Trump and the Rest of the World Mourn on Twitter as Notre Dame Cathedral Burns

President Donald Trump shared in the world’s horror at news that Notre Dame Cathedral in Paris, a Catholic landmark dating to the 13th century, was being ravaged by fire.

“No cathedral in the world like it,” Trump told a crowd at an event at Nuss Truck and Equipment in Minneapolis, where he spoke at a scheduled event.

News of the fire Monday evening in Paris came while Trump was aboard Air Force One en route to Minnesota.

Before taking the stage, Trump tweeted: “So horrible to watch the massive fire at Notre Dame Cathedral in Paris.”

The president, like so many others, had a suggestion: “Perhaps flying water tankers could be used to put it out. Must act quickly!”

First lady Melania Trump also took to Twitter to write about the inferno.

According to a press pool report, some in the president’s audience gasped with surprise at his announcement of the fire, apparently not having seen or heard the news yet.

Notre Dame Cathedral is considered to be one of the world’s finest examples of French Gothic architecture. Its construction was ordered by the bishop of Paris, Maurice de Sully, in 1160.

The blaze came during the most sacred week of the Christian calendar, the day after Palm Sunday and just days before Good Friday and Easter Sunday.

“It’s burning at a level that you rarely see a fire burning,” Trump said of the inferno.

The president said Notre Dame in Paris is “greater than almost any museum in the world.”

“It’s very bad, and it’s looking like it’s burning to the ground,” he said.

Trump called the French landmark “a part of our culture.”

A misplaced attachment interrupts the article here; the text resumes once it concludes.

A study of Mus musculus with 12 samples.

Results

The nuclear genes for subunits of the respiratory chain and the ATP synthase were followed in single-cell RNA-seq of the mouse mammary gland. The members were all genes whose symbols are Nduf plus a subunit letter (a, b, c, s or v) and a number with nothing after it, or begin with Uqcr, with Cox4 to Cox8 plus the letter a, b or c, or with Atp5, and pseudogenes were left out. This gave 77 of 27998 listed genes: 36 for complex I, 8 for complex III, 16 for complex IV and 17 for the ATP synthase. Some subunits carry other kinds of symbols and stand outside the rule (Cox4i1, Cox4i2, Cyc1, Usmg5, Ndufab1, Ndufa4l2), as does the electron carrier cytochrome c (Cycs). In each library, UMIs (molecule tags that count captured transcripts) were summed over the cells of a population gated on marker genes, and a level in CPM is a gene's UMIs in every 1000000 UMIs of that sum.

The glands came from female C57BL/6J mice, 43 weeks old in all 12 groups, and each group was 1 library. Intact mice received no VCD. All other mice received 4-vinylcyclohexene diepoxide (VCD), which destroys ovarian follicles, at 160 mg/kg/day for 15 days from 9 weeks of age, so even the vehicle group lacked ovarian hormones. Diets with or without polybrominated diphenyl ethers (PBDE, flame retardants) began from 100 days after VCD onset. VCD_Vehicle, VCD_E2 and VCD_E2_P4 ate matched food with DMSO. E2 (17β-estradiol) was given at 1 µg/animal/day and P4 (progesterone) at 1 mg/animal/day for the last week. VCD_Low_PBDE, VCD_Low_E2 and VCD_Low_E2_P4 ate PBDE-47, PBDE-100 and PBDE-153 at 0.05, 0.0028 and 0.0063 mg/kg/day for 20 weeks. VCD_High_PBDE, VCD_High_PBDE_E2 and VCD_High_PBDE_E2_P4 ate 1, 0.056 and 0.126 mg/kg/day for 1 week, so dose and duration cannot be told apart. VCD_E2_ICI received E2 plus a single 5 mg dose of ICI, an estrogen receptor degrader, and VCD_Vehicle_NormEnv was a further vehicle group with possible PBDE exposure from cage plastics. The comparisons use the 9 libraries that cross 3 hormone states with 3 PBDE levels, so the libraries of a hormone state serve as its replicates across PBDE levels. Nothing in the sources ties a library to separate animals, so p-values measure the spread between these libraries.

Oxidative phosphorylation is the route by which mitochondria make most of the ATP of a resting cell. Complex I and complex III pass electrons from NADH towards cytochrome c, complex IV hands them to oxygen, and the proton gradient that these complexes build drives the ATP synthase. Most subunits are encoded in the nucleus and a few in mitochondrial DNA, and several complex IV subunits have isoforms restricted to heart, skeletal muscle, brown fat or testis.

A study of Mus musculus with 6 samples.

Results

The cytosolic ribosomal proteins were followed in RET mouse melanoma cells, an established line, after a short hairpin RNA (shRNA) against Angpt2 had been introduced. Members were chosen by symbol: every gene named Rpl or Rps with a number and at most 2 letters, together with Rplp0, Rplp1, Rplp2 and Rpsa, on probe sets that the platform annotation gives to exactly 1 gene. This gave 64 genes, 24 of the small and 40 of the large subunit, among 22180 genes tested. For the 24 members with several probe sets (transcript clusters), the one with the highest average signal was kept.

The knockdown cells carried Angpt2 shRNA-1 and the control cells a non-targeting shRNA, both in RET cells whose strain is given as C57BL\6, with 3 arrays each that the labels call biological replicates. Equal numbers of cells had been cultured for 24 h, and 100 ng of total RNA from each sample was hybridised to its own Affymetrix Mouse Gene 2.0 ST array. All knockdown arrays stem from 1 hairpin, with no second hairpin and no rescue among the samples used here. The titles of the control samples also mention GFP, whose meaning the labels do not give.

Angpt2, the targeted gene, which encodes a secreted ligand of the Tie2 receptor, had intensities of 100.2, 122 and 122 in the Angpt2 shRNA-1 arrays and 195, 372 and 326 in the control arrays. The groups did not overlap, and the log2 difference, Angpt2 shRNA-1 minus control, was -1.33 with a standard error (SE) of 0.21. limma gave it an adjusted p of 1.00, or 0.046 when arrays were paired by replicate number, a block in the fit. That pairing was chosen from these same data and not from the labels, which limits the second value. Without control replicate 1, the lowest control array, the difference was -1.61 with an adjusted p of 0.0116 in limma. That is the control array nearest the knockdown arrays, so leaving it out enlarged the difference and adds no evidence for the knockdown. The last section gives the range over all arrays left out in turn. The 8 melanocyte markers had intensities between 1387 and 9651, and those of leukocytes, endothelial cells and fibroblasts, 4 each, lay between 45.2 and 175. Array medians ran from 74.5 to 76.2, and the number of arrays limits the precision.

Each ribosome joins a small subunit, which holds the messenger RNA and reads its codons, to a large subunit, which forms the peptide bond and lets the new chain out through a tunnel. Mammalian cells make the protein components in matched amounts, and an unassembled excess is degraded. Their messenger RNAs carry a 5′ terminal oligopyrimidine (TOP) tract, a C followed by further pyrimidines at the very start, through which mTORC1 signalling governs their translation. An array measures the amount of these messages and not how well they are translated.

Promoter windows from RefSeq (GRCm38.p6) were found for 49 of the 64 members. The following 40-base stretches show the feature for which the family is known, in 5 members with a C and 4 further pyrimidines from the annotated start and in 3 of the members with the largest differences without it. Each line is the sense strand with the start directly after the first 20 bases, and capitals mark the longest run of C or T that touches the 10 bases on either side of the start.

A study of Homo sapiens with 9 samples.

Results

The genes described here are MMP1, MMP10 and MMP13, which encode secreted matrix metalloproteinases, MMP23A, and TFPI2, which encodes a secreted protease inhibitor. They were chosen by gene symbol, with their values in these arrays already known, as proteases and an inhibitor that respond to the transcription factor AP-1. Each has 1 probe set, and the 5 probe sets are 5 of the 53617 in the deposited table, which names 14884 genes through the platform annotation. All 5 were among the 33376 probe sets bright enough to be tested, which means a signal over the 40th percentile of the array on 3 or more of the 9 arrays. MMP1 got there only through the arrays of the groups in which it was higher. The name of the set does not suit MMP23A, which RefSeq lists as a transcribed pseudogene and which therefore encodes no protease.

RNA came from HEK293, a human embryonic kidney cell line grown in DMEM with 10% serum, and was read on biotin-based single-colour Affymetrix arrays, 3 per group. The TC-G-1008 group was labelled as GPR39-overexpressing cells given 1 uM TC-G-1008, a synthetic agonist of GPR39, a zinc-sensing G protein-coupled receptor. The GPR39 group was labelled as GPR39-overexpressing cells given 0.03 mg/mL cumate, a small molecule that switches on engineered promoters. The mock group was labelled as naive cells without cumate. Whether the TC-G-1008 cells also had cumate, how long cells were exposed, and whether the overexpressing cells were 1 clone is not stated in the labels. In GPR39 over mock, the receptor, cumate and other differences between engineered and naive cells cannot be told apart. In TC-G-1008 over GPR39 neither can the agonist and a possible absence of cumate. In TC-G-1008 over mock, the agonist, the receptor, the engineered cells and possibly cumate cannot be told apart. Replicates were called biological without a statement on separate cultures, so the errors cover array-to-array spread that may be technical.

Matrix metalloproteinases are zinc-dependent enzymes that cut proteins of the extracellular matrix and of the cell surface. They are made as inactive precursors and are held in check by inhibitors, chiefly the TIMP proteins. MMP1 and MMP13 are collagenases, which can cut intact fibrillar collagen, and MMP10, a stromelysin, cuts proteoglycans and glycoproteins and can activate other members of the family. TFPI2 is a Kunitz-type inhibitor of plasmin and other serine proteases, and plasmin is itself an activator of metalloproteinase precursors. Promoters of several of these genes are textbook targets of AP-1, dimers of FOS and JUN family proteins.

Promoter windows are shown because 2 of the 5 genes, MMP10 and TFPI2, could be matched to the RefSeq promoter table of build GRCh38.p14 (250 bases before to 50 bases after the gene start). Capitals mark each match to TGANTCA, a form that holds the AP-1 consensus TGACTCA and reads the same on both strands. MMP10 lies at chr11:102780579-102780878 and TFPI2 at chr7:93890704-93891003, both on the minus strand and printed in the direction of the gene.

“It’s a part of our lives,” he said. “I’ve been there. No cathedral in the world like it.”

He added: “It’s a terrible sight to behold.”

Indeed, the sight transfixed and saddened countless millions around the world, some of whom used Twitter and other social media to express themselves.

The famous spire is gone but the two towers of Notre Dame are “safe,” Laurent Nunez, secretary to the France’s interior minister, told CNN.

“The fire is now weaker,” Nunez told media at the scene, CNN reported. “We are now in a time of cooling, but both towers of the cathedral are safe. We’re still working to save the cathedral’s works of art.”

The fire reportedly began accidentally and “may be linked to building work at the cathedral,” The Guardian reported.

At day’s end, Trump tweeted:

Faith leaders, politicians, and ordinary people also took to Twitter to share their thoughts on the fire that overtook Notre Dame.

Here’s just a little of what they had to say.

“Friends, I am absolutely devastated to hear about the fire now engulfing the Cathedral of Notre Dame in Paris,” Robert Barron, auxiliary bishop of the Archdiocese of Los Angeles, tweeted, adding:

I did my doctoral studies in Paris and lived about a fifteen-minute walk from the Cathedral.  Every Wednesday at noon, I would give a tour to English-speaking visitors to Notre Dame. The windows, especially the North Rose Window, are of enormous significance for me. Notre Dame is simply one of the most spiritually charged places in the world. Please pray to Notre Dame, Our Lady, that the damage might be contained.  I was just interviewed by NBC about the Cathedral fire.

“We also pray that our Lord will bring comfort and peace to Archbishop Michael Aupetit as well as our brothers & sisters in the @dioceseparis, & the people of France at this time,” the Archdiocese of Philadelphia tweeted.

Courtney Joyner, Athanasius Clark, Zachary Mettler, and Troy Donovan contributed to this report.